The Zimbabwe Patriotic Front would accept aid from any country which supports its aims in achieving independence, the Front's co-leader, Mr.
GV PAN Zimbabwe African National Union's (ZANU) delegates at meeting in Moputo, Mozambique
GV Zimbabwe Patriotic Front's co-leader, Robert Mugabe
CU Mugabe being interviewed in English (2 shots)
MUGABE: "The only pacific method there is now is the war. The war is intended to bring about peace in the country. It's the only effective way of achieving peace. The Anglo-American negotiations have failed."
MUGABE: "They have failed because the Anglo-Americans -- have modified them so badly that they are no longer acceptable to us. They no longer seek to transfer power; they seek to establish a neo-colonialist state in the country. And, on that basis, we find we cannot accept them any more."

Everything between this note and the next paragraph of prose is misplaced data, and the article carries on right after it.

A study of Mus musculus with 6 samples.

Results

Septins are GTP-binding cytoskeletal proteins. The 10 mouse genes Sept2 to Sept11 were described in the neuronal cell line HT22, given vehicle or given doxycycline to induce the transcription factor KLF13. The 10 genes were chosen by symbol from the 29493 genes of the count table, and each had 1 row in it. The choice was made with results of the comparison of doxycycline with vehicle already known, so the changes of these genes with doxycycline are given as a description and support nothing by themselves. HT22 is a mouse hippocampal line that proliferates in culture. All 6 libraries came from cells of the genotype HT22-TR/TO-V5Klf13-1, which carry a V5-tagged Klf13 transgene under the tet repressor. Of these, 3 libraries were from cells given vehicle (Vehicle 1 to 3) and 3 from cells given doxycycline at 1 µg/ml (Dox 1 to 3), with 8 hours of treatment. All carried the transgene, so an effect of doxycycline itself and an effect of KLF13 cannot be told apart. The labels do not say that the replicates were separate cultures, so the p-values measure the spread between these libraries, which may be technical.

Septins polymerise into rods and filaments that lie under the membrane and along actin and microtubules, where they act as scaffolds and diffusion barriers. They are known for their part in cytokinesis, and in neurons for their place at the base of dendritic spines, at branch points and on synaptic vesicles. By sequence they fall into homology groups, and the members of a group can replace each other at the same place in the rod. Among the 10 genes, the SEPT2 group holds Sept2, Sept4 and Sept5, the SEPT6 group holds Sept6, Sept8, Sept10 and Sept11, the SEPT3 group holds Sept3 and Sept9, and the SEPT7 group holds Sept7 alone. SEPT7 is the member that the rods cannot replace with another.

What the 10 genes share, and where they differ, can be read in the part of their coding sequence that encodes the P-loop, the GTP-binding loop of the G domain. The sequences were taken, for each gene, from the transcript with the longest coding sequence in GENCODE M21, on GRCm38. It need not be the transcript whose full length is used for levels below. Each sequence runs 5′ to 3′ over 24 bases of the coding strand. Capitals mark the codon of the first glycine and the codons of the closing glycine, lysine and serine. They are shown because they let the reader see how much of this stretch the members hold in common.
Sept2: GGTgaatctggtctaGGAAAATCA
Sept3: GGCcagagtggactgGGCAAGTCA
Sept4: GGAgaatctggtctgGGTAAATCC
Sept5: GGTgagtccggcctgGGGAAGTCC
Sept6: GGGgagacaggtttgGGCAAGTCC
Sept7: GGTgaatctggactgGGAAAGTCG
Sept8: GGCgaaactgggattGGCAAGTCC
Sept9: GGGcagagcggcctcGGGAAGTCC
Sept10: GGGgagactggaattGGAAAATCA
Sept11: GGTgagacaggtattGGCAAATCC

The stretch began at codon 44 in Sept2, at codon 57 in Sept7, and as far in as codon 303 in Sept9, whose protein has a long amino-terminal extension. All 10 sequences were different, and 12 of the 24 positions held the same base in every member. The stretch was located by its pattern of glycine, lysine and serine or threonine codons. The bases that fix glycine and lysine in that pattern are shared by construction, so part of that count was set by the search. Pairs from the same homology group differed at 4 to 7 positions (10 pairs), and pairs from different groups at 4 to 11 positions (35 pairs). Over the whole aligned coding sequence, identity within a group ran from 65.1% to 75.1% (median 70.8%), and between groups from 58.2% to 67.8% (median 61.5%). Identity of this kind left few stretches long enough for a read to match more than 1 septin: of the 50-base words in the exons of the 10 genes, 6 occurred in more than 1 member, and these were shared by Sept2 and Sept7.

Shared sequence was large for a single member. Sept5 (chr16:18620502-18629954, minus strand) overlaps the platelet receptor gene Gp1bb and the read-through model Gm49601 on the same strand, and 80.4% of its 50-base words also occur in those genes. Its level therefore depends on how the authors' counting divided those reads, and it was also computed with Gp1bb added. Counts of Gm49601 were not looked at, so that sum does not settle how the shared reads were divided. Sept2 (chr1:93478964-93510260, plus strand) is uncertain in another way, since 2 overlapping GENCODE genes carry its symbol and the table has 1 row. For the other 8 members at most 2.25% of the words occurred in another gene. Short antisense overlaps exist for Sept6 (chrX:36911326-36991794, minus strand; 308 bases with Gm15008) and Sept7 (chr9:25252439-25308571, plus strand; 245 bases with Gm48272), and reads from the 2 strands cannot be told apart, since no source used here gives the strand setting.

INTERVIEWER: "You say you are (indistinct). Do you mean, for instance, Cuban troops and Soviet weapons?"
MUGABE: "When we talk of support for our war, we mean support from any country which is agreed with us in our objective of achieving independence. Any country whatsoever, can give us the weapons. But we always have said we are our own liberators, and our own men will do the fighting. The weapons can come from Cuba; they can come from the Soviet Union, from China -- or from many other countries who support us. But the men must be our men."
INTERVIEWER: "What about the property -- the private property?"
MUGABE: "The personal property belongs to the individual. But what nature gave us, what God gave us, the minerals, the forests, the fisheries, the mountains -- they belong to the people as a whole. They are not the property of any one man, they are the property of us all, and all of us should own that property, through the State. This is in our opinion a very just way of looking at the property that belongs to the people as a whole."
SYNOPSIS: Mr. Mugabe's guerrilla forces which are based in Mozambique, have received some support from China and other communist countries. Mr. Nkomo, and his forces in Zambia have for years received support from the Soviet Union. Mr. Mugabe dismissed the protracted series of negotiations as a way to settle Zimbabwe's future.